Database articles

Search for a Schema

So now that we have a backend, we need to store something in our backend. For that we need to have a schema for our domain. What is our domain ? Excellent question, not sure yet. But a customer and perhaps products he orders seem to be a good enough choice to begin with. I am currently working for a telecommunication company, so am seeing a lot of customers and orders. Thereby this should be no surprise. But aside this point, pretty much every webapp has customers and orders in some form. So we should have some good learning opputunity here.

The Database Backend

The first thing that any webapp needs is a persistance storage. Generally speaking Oracle databases are generally a very safe choice. But for small and medium based businesses this can result in prohibitive costs. Mysql/MariaDB is a popular choice here and is running most of the web. But at this point I am deciding against the popular choice and going for Postgre. The main thinking and reason being that Postgre is considered very close to an Oracle DB. Hence later if I wish moving my schema over to an Oracle DB is generally considered do-able.

ORA-24247 ACL error in Oracle 12c

So the debugger was not connecting to debug a PLSQL procedure one day. I knew I had debugged this on Oracle 11g, so it had to work as well on 12c. But the debugger was not connecting and complaining something like below:

 Connecting to the database MYDB_12c.
Executing PL/SQL: ALTER SESSION SET PLSQL_DEBUG=TRUE
Executing PL/SQL: CALL DBMS_DEBUG_JDWP.CONNECT_TCP('X.X.X.X', '57908')
ORA-24247: network access denied by access control list (ACL)
ORA-06512: at "SYS.DBMS_DEBUG_JDWP", line 68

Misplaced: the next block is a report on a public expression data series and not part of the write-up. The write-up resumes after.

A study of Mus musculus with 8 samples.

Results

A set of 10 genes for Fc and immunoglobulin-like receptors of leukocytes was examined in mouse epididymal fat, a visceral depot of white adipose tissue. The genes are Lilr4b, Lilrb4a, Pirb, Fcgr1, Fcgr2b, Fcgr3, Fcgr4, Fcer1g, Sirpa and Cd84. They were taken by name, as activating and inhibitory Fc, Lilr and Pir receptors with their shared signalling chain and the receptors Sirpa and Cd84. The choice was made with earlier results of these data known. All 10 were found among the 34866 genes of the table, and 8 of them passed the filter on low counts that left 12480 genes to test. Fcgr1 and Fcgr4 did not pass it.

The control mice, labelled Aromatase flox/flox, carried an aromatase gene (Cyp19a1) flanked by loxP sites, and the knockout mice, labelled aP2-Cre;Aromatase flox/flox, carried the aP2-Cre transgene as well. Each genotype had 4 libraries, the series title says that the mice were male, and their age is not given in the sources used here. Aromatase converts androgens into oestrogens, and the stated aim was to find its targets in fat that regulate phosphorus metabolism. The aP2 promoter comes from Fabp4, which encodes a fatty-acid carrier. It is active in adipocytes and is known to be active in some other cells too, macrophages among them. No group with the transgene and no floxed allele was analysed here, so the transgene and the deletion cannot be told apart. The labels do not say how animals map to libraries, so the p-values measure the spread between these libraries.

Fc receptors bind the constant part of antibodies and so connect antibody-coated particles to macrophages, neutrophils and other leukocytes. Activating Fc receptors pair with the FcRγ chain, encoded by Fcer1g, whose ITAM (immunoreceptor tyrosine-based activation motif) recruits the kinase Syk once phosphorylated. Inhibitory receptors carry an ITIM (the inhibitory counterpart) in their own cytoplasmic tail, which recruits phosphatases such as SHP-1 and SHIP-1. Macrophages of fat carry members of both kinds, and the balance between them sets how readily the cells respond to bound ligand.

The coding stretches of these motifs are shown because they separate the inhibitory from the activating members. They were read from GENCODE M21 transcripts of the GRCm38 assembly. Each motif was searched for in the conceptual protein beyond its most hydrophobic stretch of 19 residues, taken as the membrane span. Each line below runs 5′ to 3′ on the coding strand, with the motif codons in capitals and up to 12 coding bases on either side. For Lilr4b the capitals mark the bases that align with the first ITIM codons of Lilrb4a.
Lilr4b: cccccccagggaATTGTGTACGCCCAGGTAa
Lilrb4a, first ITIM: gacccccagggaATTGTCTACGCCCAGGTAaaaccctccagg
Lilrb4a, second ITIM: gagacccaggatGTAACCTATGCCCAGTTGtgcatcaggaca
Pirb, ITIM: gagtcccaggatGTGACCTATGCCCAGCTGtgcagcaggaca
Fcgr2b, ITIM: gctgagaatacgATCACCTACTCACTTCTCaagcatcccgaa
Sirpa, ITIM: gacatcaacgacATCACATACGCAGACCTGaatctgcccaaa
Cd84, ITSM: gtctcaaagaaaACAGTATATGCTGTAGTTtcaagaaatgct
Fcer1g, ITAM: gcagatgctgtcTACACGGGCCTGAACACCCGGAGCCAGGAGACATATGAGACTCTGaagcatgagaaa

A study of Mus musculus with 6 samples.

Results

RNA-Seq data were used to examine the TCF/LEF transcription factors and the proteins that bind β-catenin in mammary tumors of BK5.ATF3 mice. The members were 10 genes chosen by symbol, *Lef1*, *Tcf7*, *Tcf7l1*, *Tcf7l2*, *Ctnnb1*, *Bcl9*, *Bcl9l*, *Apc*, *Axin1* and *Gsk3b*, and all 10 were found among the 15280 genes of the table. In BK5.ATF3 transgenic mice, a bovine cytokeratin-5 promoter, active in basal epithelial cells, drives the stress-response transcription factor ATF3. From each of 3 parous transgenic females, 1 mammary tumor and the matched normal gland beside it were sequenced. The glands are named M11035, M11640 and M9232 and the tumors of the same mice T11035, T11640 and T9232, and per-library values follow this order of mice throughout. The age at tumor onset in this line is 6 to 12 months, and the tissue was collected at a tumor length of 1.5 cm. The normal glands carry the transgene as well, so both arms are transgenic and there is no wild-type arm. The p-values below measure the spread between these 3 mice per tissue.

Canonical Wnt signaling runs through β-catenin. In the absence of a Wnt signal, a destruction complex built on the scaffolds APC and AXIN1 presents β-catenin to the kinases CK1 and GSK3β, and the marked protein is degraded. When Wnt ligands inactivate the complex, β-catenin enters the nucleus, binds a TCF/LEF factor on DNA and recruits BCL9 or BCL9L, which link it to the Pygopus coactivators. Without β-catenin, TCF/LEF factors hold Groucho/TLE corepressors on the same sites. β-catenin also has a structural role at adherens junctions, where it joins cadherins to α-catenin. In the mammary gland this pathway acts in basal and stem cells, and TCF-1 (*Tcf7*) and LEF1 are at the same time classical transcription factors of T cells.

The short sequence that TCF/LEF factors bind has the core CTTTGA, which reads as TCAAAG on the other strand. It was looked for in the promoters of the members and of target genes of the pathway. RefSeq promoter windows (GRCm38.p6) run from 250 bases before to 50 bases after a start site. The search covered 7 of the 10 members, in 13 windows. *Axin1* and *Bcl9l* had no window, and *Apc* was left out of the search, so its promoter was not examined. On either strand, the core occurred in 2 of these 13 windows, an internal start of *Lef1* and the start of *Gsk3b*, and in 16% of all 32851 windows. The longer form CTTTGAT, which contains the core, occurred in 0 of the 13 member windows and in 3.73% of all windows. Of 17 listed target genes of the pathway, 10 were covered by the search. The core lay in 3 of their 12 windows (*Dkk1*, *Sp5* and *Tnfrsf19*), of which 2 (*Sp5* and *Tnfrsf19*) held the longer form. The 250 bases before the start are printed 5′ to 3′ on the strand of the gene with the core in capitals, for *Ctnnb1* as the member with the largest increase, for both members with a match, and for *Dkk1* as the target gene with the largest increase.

ORA-06512: at line 1
Process exited.
Disconnecting from the database MYDB_12c.

 

Oracle SQL : Matching Prefix and Suffix string but only accepting whats in between

regex replace

A while ago I wrote an article about regex lookahead and lookbehind here. I needed the same thing now in SQL, specifically Oracle flavor. Turns out that Oracle supports the POSIX BRE syntax and POSIX ERE syntax plus PERL influenced extensions, but no look ahead look behind equivalent regex syntax.

So the problem we have to solve is the same. I have a String that is ";" seperated key value pairs that might look like below:

Generating random days in past or future for demo data generation via plsql / sql

So while generating demo data for one of my projects, I had to generate some days in the future and in the past. Thought I might blog about that for my future benefit as well was any one else who visits my blog. So here it goes.

Generating a date in the past (in days granularity in the range of a year)

The below statement will get you a day in the past year. Basically you generate a random number in the range of 0-365 and subtract that from the sysdate. Convert it to a timestamp and save to your timestamp field or use without the cast as a date field.

Introducing Apache Flume

So if you have been following my Big Data series till now, in my first article I introduced to a ready made VM image courtesy of Oracle that frees you up from the head-aches of setting things up and concentrate your time on real learning. Next article I took you on a ride with Hadoop and the primary learning point of the article HDFS (the Hadoop File system). Now we will talk about a next often used component of Big Data, Apache Flume.

How to get started with Oracle Big Data

Big Data

Well not everyone can afford one of Oracle's Big Data Machines, but what to do if you want to get on the Big Data band-wagon. Well for educational purposes Oracle releases a Virtual Machine image called Oracle Big Data Lite.

An enhanced Ref Cursor based VO with Cached RowSet

A while back I was doing some prototypes where we were looking to evaluate if we could use pl-sql to query our data in our VOs. I already knew that if was possible as I had glanced over the examples but never had taken a deeper look. Now was an excellent time to hack at it.

When Select count(*) is not the best option

A colleague of mine brought this fact to attention that count(*) is not a very good thing. Atleast not for the case when you are checking for the presence of just a single record. What popped to my mind immediately was, not if there is proper index, it shouldn't matter. But that was an assumption on my part which I had to check out. And the result turned out to be that rewriting such a query is always a good idea if all you want is an existence check. So lets do some cost analysis in this article for the same, so you can also understand the same.